About this blogger:
A theorist, organist, and conductor, Jeff Ostrowski holds his B.M. in Music Theory from the University of Kansas (2004), and did graduate work in Musicology. He serves as choirmaster for the new FSSP parish in Los Angeles, where he resides with his wife and children.
— Third Plenary Council of Baltimore (1884)

Stephen Colbert: “I'm Not A Fan Of Guitar Masses”
published 12 May 2015 by Jeff Ostrowski

N A RECENT ARTICLE, I made the case that upbeat Church music which is “catchy” should be performed properly. Stephen Colbert seems to agree:

I’ve never been a Colbert fan—I don’t find him funny. 1 However, I agree with him on this subject. If Church music relies heavily on rhythm and syncopation, it should be performed that way. We have an obligation to perform music properly.

Years ago, Colbert performed an animated LITURGICAL DANCE to a popular hymn—sung in Catholic churches everywhere—and his video went viral. Several people used this opportunity to exclaim, “See how wrong liturgical dance is?”  But they completely missed the point. Colbert didn’t do anything wrong; he was merely responding to a highly syncopated style of music.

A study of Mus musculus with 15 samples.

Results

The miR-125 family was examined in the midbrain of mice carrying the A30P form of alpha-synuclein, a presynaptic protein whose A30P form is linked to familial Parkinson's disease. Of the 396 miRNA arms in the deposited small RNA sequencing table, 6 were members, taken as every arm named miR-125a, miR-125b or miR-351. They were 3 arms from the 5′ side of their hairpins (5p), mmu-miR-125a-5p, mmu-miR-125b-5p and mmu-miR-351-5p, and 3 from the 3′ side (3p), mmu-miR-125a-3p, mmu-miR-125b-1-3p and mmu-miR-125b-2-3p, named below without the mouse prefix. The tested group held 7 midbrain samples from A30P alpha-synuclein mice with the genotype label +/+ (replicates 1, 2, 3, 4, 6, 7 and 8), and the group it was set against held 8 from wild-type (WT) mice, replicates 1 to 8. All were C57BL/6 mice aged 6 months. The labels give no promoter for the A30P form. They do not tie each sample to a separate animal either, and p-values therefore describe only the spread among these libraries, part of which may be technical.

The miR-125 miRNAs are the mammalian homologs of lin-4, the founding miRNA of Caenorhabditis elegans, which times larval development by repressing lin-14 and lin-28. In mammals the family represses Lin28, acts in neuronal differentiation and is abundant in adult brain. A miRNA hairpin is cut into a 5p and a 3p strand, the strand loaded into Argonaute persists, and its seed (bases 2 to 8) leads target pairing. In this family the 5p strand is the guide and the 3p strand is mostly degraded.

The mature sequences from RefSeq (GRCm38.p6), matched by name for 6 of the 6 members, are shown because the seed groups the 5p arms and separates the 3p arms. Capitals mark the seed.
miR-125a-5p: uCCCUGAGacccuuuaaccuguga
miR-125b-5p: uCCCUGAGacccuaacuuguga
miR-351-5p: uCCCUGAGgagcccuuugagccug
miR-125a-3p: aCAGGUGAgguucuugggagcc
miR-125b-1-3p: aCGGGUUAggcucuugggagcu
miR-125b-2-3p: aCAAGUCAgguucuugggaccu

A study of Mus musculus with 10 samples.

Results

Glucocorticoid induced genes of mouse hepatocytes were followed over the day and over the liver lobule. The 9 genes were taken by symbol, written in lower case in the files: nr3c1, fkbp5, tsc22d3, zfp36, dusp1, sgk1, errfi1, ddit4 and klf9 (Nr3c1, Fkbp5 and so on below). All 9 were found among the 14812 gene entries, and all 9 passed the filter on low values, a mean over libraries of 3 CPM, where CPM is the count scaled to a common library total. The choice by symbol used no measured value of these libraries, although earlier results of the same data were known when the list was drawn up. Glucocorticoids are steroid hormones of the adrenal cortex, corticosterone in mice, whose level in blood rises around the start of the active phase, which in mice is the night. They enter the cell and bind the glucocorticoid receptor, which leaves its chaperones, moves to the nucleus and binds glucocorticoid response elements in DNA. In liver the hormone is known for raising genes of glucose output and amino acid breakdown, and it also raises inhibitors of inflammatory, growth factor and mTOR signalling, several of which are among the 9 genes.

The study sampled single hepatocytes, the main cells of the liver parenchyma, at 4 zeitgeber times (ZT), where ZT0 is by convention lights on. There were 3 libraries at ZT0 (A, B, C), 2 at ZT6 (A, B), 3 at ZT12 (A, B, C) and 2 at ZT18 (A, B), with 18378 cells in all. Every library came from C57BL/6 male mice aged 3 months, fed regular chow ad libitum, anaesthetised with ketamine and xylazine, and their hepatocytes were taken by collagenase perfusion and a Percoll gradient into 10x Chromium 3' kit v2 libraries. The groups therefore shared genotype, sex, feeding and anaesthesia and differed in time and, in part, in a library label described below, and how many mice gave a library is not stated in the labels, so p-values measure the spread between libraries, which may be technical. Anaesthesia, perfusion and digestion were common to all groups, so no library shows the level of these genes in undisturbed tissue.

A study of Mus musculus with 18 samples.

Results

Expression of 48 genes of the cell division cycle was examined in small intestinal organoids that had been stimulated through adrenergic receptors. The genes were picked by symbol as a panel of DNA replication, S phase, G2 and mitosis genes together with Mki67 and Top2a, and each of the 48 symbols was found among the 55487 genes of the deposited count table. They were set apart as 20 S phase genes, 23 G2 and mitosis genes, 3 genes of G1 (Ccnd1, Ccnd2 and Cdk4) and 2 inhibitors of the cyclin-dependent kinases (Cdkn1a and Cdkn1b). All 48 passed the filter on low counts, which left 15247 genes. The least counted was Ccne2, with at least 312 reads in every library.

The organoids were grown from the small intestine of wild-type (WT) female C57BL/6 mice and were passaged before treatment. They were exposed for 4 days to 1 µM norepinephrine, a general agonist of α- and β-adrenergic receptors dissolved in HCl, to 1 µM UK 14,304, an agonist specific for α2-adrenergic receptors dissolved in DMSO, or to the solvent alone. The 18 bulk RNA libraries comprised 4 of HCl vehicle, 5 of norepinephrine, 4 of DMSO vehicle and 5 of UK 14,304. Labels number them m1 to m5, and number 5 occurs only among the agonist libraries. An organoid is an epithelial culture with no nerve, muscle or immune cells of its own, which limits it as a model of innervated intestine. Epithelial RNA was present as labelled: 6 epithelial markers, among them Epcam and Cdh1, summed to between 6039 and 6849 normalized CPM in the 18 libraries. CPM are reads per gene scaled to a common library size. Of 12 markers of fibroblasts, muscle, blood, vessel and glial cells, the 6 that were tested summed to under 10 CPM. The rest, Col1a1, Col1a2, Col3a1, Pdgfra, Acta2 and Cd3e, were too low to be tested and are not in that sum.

I find it interesting that Stephen Colbert—a comedian—realizes that not all musical styles are appropriate for Mass; yet our hierarchy (with a few notable exceptions) won’t come near this issue. Jimmy Fallon—another comedian—recently declared that Mass has become too informal, lacking solemnity:

There’s Frisbees being thrown, there’s beach balls going around, people waving lighters, and I go, “This is too much for me.” I want the old way. I want to hang out with the—you know—with the nuns, you know, that was my favorite type of Mass…and the Grotto and just like—straight up, just—“MASS-MASS.”   (source)

Now I must stop, because I don’t want to repeat myself. We’ve already discussed how most “progressive” liturgists avoid admitting their true position. Their true position is that all musical styles are acceptable for the Holy Sacrifice of the Mass.


1   According to reports, Mr. Colbert teaches Sunday School Catechism classes each week, which is kind of cool.